Beat the Street and Sport England partnership sees success as over 61,000 people in the South West are helped to get active

A new national programme that aims to encourage over 655,000 adults and children across England to become active has been hailed early success with substantial changes in behaviour in Swindon, Torbay, Weymouth & Portland and Poole, the first communities that have participated. In just six weeks the communities have travelled 500,000 miles between them.

Beat the Street is a physical activity initiative that tackles inactivity through a six-week game that encourages people to get outside and get active in their local area. Players, who are often children and families, tap the boxes using special cards that use the technology found in high street reward cards to gain points for their schools or community groups — with leading scorers winning prizes. During and after the game, players are signposted to sport and activity providers in the local area such as a free orienteering opportunity in Swindon that allowed players to score game points during a fun treasure hunt.

In October, Sport England invested £3.23 million National Lottery funding to double the reach of Beat the Street and expand the initiative to another 59 towns. The first four towns to launch the game have shown positive results, especially in the target market of women and those from deprived communities — who are less likely to be active according to Sport England research. Participants reported the game brought their community together and allowed families to bond (case study quotes below).

  • One in four people in England are inactive i.e. they do less than 30 minutes of physical activity a week.
  • And only 17.5% of children and young people are active, meeting the current Chief Medical Officer guidelines of taking part in sport and physical activity for at least 60 minutes every day.

The first wave of programmes in Swindon, Torbay, Weymouth & Portland and Poole & Purbeck saw more than 61,000 adults and children play the games in 301 teams, travelling 500,000 miles between them.

Headline Findings:

  1. Tacking inactivity: 56% of adult participants who were inactive when they registered to take part before the four games, were lifted into regular activity following the game period.

  2. Behaviour change was strongest in adults in the most deprived area: In Torbay, for adults living in the top 40% of multiple deprivation, 75% of participants who were inactive when they registered were lifted into regular activity following the game period.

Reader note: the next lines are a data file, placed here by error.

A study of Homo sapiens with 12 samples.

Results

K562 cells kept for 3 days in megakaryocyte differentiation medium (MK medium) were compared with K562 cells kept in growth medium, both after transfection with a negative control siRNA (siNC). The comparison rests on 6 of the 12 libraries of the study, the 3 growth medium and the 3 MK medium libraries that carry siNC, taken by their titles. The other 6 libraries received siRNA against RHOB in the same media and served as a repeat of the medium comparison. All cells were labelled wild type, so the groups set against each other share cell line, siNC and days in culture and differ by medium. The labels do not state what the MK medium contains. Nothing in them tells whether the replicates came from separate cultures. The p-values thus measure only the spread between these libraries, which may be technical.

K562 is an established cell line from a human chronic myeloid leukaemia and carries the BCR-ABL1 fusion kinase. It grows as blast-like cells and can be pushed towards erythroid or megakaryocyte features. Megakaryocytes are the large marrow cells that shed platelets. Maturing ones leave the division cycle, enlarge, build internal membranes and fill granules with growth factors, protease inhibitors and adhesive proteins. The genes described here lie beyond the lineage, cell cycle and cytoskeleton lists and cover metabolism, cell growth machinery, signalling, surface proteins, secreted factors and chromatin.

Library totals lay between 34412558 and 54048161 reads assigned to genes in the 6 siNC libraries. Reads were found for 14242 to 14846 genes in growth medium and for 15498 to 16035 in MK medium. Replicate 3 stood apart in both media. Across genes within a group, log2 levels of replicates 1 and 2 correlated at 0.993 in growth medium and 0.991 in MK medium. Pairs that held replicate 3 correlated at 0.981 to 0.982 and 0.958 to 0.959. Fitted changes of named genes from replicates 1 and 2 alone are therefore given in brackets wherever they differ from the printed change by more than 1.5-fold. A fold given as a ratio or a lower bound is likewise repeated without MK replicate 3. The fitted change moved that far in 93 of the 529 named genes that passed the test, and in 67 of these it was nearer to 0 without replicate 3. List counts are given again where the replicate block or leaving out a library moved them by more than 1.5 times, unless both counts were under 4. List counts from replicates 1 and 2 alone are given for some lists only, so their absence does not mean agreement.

3. Addressing the Gender Gap: 69% of registered adults were female.

  4. Long-term health condition: 13% of registered players had a long-term condition with 4% a disability.

  5. Getting children active: Across the four towns, 64% of primary school pupils played the game.

Andrea Clayton, a mum-of-four, found family time to play Beat the Street in Swindon: “We’ve loved Beat the Street and getting out on our bikes. My Dad died in June, and he was a member of a cycling club in Kent as a young man, so the Beat the Street experience was also very cathartic. It would have pleased him greatly to see his daughter and granddaughters enjoying our bike rides. Thank you for encouraging not just fitness but family bonding time…[I]t’s a great experience, chatting to other people along the route, enjoying quality time together and getting exercise into the bargain.”

Lynn Calloway in Weymouth explained the benefits went beyond exercise; “The most important message is that it has made people feel part of a community again. As we finished at 7pm the group that were walking and cycling near Sainsbury’s stopped and congratulated each other. Some spoke about the sense of community on the estates that they live on that wasn’t there before. People chatting to the children and them as they were on their way to Beat Boxes. It didn’t matter what team you were on everyone was cheering and supporting each other as we came to the end of the event. My highlight has to be the more mature gent that broke out into a jog to tap the last beat box at 7pm I’m hoping he made it. I take my hat off to you!”

Fiona Dickens, Swindon Borough Council Public Health Programme Manager, said: “Beat the Street has had a fantastic effect on families here in Swindon, we heard lots of stories of how parents are children were spending more time together, exploring new areas in the town and, most importantly, getting active. Not only did 15% of the town play, but the post-game results have shown that Beat the Street has had a positive impact on families’ physical activity levels.”

Sport England’s Director for Tackling Inactivity, Mike Diaper, commented: “The results from Swindon, Torbay, Weymouth and Poole/Purbeck are really encouraging and demonstrate Beat the Street’s ability to deliver at scale. That’s why Sport England is partnering with Intelligent Health and investing £3.32 million of National Lottery funding to roll the game out in 59 places. The four communities which have played the game so far have seen first-hand the power of sport and physical activity. Getting active is great for your physical health, but it also brings communities together, helps families bond, and gets people outside — which great for mental wellbeing. I am delighted that even more towns and cities will get to play Beat the Street soon.“

Dr William Bird, MBE, creator of Beat the Street said: ‘I’d like to say thank you to the local partners and residents who helped transform their areas into a vision of the future where people are in control of their health and can see how small changes deliver big impact. People have connected, played together and had fun where they live. We are delighted with the results and the thousands of messages from residents telling us how they have got active with their families and friends. It’s great to see the movement begin!”